No deal, but Merkel rules out retroactive FIT cut

Protestors lobbying Angel Merkel in Berlin today

Protestors lobbying Angel Merkel in Berlin today

German Chancellor Angela Merkel and state premiers today failed to reach an agreement over government proposals for cuts to support for renewables.

But Merkel made clear that at least a proposal for retroactive cuts to feed-in tariffs (FITs) is off the table – as Recharge first reported earlier this week.

“That’s an important signal and should calm down all those who want to invest in such installations or operate them,” Merkel told reporters after the meeting.

Environment minister Peter Altmaier and economics minister Philipp Rösler in February proposed a series of measures aimed at stopping electricity prices from rising further.

Among them was the additional 1.5%-cut in FITs to already-producing plants, which now won’t go ahead.

Renewables groups and opposition politicians had rallied strongly against such retroactive cuts to support.

“Legal security for investors is the decisive outcome of today’s summit,” said Hans-Josef Fell, Green Party MP and energy expert.

Merkel needs the support of German states, because the Social Democrat-Greens-led opposition to her government at the federal level currently holds a majority in the Bundesrat, Germany’s upper chamber representing states, which could be used to block the plan.

Merkel’s Chancellery and the offices of state premiers will now continue to talk and work on a report until May, trying to find a solution to the impasse on support.

“Whether that will succeed, we will see,” Merkel said.

Altmaier and Rösler in their proposal had also suggested an across-the-board cut to onshore wind power FITs to €0.08 per kWh from around €0.09 per kWh now, and a five-month moratorium before any FITs are paid for new renewable installations, apart from PV.

Renewable energy groups welcomed news  that the government proposals for retroactive FIT cuts weren’t supported by German states, but warned that the failure of today’s talks did not remove all the uncertainty created by the plans.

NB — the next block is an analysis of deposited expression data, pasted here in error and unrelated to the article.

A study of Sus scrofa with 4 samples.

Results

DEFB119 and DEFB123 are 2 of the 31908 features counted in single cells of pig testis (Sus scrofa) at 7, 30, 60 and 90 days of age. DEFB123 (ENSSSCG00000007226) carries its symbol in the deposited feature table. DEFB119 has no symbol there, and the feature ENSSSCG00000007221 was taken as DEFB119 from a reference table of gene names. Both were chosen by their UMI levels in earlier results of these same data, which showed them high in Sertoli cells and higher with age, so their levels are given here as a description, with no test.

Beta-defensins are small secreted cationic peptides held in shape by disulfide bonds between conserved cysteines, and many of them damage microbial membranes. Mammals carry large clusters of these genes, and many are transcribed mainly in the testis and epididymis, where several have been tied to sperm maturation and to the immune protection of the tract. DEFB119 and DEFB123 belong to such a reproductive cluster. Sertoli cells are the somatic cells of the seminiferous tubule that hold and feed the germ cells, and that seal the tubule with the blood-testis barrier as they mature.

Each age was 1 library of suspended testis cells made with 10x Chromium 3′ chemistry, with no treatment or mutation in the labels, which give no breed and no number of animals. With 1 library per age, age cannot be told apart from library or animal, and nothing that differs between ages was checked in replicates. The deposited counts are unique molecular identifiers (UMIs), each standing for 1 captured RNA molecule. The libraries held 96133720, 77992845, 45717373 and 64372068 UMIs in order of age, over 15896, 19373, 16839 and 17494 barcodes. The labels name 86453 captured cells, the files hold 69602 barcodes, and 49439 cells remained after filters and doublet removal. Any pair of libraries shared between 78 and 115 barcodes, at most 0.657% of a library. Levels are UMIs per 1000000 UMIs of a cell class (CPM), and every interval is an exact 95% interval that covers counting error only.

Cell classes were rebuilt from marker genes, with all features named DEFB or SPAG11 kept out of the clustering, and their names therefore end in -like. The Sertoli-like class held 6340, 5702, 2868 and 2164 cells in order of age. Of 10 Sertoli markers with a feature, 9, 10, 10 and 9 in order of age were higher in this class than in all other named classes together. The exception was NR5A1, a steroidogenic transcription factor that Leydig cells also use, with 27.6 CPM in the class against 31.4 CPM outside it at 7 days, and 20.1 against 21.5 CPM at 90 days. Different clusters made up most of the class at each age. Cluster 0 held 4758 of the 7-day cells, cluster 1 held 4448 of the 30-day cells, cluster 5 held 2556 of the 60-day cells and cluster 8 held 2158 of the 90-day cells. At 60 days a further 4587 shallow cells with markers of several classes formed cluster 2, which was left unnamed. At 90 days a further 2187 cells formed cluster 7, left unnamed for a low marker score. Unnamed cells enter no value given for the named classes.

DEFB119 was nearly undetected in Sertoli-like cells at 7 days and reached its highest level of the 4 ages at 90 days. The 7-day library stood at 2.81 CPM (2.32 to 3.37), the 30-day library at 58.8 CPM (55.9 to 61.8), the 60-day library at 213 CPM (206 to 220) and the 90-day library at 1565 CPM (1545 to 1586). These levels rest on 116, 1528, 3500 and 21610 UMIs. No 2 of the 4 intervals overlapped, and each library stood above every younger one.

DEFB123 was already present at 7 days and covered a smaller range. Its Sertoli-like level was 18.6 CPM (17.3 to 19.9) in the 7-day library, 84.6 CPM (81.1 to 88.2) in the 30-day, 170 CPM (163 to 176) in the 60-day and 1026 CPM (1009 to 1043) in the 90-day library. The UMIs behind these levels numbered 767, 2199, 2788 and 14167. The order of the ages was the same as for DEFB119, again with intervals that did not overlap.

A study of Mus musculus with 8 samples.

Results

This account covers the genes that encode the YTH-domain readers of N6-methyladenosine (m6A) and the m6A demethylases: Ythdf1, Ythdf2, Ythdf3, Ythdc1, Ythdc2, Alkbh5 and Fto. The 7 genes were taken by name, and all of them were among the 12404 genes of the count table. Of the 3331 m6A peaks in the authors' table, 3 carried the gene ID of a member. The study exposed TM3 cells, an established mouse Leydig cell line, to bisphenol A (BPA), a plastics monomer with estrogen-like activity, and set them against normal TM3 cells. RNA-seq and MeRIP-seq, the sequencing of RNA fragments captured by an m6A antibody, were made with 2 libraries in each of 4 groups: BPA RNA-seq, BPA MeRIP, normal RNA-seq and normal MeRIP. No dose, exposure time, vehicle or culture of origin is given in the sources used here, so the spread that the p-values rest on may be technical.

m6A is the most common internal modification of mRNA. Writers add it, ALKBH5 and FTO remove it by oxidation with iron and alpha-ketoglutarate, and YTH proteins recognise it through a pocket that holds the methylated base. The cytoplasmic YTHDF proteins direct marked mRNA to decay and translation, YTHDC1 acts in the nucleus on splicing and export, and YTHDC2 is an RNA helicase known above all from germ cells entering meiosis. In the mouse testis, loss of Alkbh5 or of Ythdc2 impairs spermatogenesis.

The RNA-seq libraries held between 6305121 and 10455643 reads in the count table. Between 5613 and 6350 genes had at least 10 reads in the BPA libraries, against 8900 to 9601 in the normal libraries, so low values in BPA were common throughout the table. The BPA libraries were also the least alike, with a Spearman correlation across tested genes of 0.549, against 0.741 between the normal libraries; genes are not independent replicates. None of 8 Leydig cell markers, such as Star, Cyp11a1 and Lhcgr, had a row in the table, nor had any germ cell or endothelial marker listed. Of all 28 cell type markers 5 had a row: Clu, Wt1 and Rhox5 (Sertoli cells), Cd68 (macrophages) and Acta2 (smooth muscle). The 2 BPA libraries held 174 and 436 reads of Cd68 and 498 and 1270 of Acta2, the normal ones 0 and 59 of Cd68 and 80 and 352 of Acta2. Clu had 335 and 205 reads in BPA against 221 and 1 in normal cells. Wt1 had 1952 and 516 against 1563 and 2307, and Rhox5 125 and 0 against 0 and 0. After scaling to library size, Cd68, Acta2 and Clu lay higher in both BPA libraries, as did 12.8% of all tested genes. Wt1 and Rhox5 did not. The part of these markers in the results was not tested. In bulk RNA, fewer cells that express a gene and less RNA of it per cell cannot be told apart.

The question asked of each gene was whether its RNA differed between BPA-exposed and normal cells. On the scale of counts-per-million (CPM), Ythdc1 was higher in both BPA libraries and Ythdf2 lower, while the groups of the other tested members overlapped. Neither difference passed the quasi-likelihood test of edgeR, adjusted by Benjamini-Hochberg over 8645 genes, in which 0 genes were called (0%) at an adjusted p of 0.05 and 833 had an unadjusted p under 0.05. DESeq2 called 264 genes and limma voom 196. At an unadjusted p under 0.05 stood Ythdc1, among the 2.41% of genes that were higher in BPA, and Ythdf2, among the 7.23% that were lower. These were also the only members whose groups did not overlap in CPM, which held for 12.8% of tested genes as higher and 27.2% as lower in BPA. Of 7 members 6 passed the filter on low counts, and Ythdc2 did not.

“Minister Altmaier with his proposals contributed to a massive uncertainty in the sector, which today’s energy summit unfortunately couldn’t remove completely,” said Henning Dettmer, managing director of Germany’s Wind Energy Federation BWE. He added that the issue will be used in the campaign for federal elections in September.

The offshore wind group WAB demanded Altmaier scraps all his plans. “We have a whole industry with thousands of jobs from planners and developers to suppliers who want to build wind projects. But the situation for investors hasn’t improved today,” said Ronny Meyer, WAB managing director.

Offshore wind would be especially hard hit if Altmaier’s proposal for a 5-month moratorium for FITs were to become law, due to the very large investment sums involved in offshore projects.

German utility Stadtwerke München said the question of future FIT levels for renewable energy installations is still unclear. “With that, future conditions for investors are still subject to a high insecurity,” SWM said.

Some 150 protesters demonstrated against the government proposals for FIT cuts in front of the Chancellery in Berlin, among them Greenpeace activists holding up a 5-metre-high model of a wind turbine with a knot in its tower and a banner saying “Mrs Merkel, don’t trash the energy turnaround!”

German states today did agree, however, to government plans for a massive upgrade in the country’s high-voltage power lines to help integrate a soaring amount of renewable output into the country’s grid.